The pond deserved a further visit so Sue & I popped over on Sunday afternoon for a couple of hours. Our visit was delayed by the closure of the approach road, blocked by an ambulance and police car – presumably an accident involving a cyclist considering how many were on the roads.
On arrival at the pond we were approached by a couple of hikers who had gotten themselves lost. They were using a 30 year old guide book but didn’t have an OS map to back it up with! After putting them on he right track we introduced ourselves to another enthusiast, Simon Layton, who was here hoping for a glimpse of the recent Common Hawkers.
For the first time in a month neither male nor female showed, but to have them around for so long was a blessing. Instead we had a fair selection of Common Darters, including a mating pair.
No damsels were seen today, but there were a few Black Darters holding on in the surrounding gorse and over on the island.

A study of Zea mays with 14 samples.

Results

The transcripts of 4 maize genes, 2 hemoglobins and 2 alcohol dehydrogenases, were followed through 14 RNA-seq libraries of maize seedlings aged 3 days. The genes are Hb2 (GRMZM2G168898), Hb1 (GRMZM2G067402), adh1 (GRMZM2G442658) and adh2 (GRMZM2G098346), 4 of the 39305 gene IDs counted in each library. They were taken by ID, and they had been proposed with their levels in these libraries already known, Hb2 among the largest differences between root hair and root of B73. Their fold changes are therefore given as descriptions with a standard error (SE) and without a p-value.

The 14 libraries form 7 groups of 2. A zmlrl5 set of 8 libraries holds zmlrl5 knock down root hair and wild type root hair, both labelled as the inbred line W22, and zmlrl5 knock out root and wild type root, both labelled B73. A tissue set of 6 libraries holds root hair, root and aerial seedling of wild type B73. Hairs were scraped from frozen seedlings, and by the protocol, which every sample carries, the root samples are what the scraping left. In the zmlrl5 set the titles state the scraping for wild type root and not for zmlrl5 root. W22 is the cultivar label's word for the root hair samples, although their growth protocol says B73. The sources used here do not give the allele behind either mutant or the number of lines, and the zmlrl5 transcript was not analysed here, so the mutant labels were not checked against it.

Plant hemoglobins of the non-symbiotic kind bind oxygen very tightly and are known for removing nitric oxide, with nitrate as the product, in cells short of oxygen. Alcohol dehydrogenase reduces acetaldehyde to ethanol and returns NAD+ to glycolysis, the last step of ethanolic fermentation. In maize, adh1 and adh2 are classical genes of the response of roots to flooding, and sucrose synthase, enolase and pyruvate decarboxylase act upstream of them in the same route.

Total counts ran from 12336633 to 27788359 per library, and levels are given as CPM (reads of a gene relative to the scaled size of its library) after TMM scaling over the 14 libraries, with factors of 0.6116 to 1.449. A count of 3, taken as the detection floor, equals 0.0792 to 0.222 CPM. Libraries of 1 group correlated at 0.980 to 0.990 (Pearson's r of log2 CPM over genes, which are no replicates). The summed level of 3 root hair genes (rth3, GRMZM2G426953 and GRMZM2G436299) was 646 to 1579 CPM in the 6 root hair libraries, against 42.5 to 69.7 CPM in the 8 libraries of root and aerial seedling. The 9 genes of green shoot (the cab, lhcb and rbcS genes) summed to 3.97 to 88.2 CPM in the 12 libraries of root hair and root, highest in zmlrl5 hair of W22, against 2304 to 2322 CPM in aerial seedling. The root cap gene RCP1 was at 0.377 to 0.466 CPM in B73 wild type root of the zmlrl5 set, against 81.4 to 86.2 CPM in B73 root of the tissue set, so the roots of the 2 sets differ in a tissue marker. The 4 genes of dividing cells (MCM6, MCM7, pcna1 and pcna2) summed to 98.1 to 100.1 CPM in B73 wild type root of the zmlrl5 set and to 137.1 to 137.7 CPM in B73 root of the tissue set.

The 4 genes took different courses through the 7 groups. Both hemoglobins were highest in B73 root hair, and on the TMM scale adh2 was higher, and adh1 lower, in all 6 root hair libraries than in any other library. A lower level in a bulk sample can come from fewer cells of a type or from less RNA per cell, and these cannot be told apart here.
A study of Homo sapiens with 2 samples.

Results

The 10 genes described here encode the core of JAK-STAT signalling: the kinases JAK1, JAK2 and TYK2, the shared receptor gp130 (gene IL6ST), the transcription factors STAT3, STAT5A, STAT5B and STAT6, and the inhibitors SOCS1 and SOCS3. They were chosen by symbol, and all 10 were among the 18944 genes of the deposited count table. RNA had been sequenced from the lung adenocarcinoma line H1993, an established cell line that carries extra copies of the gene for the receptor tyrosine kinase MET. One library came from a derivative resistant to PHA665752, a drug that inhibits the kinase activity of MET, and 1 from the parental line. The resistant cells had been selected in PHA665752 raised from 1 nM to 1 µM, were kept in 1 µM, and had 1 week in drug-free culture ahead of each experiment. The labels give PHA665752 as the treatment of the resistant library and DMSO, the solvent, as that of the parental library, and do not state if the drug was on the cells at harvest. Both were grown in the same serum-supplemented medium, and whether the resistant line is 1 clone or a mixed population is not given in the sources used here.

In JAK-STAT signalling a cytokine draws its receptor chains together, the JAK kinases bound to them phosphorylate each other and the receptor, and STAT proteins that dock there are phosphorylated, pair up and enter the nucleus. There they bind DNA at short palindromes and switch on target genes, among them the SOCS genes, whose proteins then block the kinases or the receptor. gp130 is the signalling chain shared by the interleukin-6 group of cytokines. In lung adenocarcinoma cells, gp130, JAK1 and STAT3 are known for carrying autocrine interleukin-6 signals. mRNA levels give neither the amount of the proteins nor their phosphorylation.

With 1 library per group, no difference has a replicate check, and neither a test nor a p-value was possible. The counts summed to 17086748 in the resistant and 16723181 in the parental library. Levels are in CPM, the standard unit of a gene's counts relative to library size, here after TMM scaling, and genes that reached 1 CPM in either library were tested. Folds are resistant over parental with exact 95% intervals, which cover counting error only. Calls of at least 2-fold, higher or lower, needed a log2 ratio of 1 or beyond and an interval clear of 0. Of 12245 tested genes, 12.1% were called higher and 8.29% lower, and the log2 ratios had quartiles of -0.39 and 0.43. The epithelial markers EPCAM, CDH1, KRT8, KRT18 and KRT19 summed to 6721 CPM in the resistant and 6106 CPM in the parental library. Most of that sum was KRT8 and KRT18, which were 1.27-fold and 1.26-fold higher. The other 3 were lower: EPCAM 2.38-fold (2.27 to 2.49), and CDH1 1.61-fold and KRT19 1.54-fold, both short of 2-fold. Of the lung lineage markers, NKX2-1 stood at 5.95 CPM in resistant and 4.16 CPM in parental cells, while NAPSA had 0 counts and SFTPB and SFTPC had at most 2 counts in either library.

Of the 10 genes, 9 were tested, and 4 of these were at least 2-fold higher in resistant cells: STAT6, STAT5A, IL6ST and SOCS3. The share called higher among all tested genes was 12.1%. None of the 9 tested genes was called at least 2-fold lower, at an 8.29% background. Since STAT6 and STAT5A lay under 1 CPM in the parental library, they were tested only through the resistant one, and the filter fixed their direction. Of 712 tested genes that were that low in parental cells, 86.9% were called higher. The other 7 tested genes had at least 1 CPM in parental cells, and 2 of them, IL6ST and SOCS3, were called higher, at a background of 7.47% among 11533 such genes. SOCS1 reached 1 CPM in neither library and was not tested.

After a few minutes we had our first sighting of a Southern Hawker, quite possibly the same individual as last week judging by the markings.
He patrolled the small section by the single gorse bush for a while, seemingly happy for some company, and then shot off across the island to grab some lunch returning to the bush to feed.
He even gave me a little variation in his pose.
He stayed put after feeding, the temperature cooling substantially when the clouds obscured the sun, rising only when another male appeared for a brief battle, returning to patrol his patch for a short while before perching again.
The arrival of a bunch of loud dog walkers drove him off, one of many disturbances by joe public – making us realise why we usually choose a Saturday when they’re usually out shopping. We even had a National Trust walking party come through!
I found the Southern perched in the relative peace of another gorse bush undaunted by my presence and grabbed another few photo opportunities until yet another party of dog walkers drove him off for good.
By 3.00pm the encroaching cloud had lowered the temperature sufficiently to cease all further activity and we called it a day, albeit a rather satisfying mid-October day.